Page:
On 2nd September 2013, Vodafone Group Plc. announced that it was disposing of its 45% interest in Verizon Wireless to Verizon Communications Inc.
At the same time, it also announced its intention to carry out a “Return of Value” to its shareholders, of which there are almost 400,000 in Ireland. Many of these shareholders had acquired Vodafone shares in exchange for their Eircom shares in 2001. The “Return of Value” would be partly in cash and partly in Verizon consideration shares.
On 14th May 2014 the Irish Revenue Authorities issued a comprehensive Tax Briefing outlining the tax treatment of the Vodafone Return of Value to its shareholders which provides comprehensive guidance on the calculation of the base cost for Capital Gains Tax purposes.
In what form will Vodafone return this value to the shareholders?
Either by the issue of:
What does that mean to the shareholder?
What does the Shareholder actually get?
What about the shareholders who exchanged their Eircom shares for Vodafone Shares in 2001?
These shareholders will NOT have a Capital Gains Tax liability.
Instead they will have a capital loss to offset against other chargeable gains arising in the current tax year or if unused they can be carried forward against future capital gains.
No Capital Gains Tax charge will arise for these shareholders in the following situations:
What is the base cost of the Vodafone Ordinary Shares?
The base cost for those Vodafone shares acquired in exchange for Eircom shares in 2001 is €4.46 per share.
Where in legislation are the apportioning rules?
Section 584(6) Taxes Consolidated Acts 1997 outlines the rule for calculating the apportionment of the original holding between the three elements of the new holding i.e. the cash element, the new Vodafone ordinary shares and the Verizon shares.
What about future disposals of these shares?
What is the Income Tax treatment for those opting for C Shares?
Individuals who opted for the C Shares have received a dividend from Vodafone which consisted of two elements:
The shareholder should include both amounts in his/her Income Tax Return i.e. the cash actually received and the market value of the Verizon Consideration Share Entitlement received. He/she must then pay the Income Tax arising on this dividend.
How is the tax on these dividends paid?
Are there any exemptions?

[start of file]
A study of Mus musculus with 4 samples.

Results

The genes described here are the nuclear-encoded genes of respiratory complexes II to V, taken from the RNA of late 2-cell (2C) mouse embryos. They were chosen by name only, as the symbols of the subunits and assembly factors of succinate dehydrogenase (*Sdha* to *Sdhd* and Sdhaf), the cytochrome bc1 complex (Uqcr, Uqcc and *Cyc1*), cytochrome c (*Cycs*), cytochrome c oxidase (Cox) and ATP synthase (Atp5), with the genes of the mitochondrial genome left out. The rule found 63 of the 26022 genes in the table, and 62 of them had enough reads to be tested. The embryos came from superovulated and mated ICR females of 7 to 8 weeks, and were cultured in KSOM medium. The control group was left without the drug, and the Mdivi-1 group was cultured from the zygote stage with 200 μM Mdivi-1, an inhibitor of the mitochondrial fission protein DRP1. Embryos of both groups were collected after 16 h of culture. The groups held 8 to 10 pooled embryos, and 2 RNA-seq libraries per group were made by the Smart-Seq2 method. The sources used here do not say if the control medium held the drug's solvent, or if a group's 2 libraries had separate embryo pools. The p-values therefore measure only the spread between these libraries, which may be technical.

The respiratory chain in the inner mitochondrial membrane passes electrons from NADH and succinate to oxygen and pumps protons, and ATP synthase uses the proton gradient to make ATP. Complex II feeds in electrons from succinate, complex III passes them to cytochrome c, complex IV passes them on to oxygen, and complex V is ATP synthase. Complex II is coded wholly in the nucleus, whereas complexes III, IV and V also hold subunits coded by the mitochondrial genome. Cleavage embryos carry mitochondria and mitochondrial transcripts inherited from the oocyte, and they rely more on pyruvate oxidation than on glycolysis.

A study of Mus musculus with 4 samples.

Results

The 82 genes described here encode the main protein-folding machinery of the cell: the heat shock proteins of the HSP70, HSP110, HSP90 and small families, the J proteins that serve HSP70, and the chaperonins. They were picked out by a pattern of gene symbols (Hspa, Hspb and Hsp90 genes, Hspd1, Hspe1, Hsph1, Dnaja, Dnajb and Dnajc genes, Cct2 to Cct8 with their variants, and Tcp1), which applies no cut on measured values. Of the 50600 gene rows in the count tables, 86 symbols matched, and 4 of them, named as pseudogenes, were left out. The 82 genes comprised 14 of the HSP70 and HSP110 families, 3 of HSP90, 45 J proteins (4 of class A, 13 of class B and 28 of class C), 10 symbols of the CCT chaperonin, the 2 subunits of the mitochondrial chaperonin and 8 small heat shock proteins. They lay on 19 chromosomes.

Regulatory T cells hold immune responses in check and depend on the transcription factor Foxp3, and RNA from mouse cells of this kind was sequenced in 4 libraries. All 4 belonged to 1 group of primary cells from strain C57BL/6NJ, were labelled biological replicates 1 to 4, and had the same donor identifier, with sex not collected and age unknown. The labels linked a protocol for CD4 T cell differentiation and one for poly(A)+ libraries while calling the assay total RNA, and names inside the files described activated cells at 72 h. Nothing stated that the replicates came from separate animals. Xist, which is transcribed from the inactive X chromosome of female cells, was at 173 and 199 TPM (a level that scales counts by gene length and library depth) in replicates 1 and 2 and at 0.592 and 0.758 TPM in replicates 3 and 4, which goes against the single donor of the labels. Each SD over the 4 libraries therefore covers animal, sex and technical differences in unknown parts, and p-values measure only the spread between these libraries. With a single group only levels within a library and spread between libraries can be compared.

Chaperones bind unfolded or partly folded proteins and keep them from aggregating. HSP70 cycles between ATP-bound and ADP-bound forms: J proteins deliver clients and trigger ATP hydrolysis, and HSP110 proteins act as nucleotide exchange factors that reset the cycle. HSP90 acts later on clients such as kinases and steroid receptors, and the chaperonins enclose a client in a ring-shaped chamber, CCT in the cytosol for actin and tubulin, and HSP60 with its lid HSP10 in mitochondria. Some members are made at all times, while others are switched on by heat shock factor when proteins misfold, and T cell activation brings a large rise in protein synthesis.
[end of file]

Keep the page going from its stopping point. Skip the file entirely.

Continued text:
Individuals aged 65 years and over are entitled to claim an exemption from Income Tax if their total income i.e. income combined from all sources including Vodafone and Verizon dividends is
Will there be Dividend Withholding Tax on the Verizon Shares?
Dividends paid to shareholders of Verizon shares will, in general, be subject to US withholding tax, currently 30% of the gross dividend amount.
Irish resident shareholders can make a claim to the US Tax Authorities to be entitled to dividend withholding tax at the reduced rate of 15%.
This claim can be made by completing a Form W-8BEN Certificate of Foreign Status of Beneficial Owner for United States Tax Withholding and forwarding it to Computershare as stated on the form.
The Irish resident shareholder will be entitled to a credit for tax withheld against Income tax or Corporation tax on the dividends received.
The credit will be the lower of:
Please be aware that the information contained in this article is of a general nature. It is not intended to address specific circumstances in relation to any individual or entity. All reasonable efforts have been made by Accounts Advice Centre to provide accurate and up-to-date information, however, there can be no guarantee that such information is accurate on the date it is received or that it will continue to remain so.. This information should not be acted upon without full and comprehensive, specialist professional tax advice.
The Companies Act 2014 (the “Act”) introduced the provision that a Company Limited by Shares (“LTD”) could just have a single director.
In other words, a single Director company can be a private company limited by Shares. It allows for one Director but there must be a separate company Secretary.
Starting from the 1st of June 2015, all new companies will have a choice of two different types of companies to setup:
Private Company Limited by Shares (Ltd.)
Designated activity company (DAC):
Every Limited company in Ireland is required to have a Statutory registered office in the state. The following Irish addresses are required:
The address where the central administration of the company is carried out can, however, be located outside Ireland.
Companies will only have to meet two of the following three criteria to qualify as a “small company” for the purposes of claiming an audit exemption.
If a company qualifies for exemption, it must annex a copy of its abridged financial statements (approved by the directors) to the annual return.
Guarantee and Group companies will be able to qualify for the audit exemption.
Audit exemption for Irish companies can be lost if their annual return is filed late. This will result in the company losing its audit exemption for the next two years.
This article is for guidance purposes only. It does not constitute professional advice. No liability is accepted by Accounts Advice Centre for any action taken or not taken in reliance on the information set out in this article. Professional or legal advice should be obtained before taking or refraining from any action as a result of this article. Any and all information is subject to change.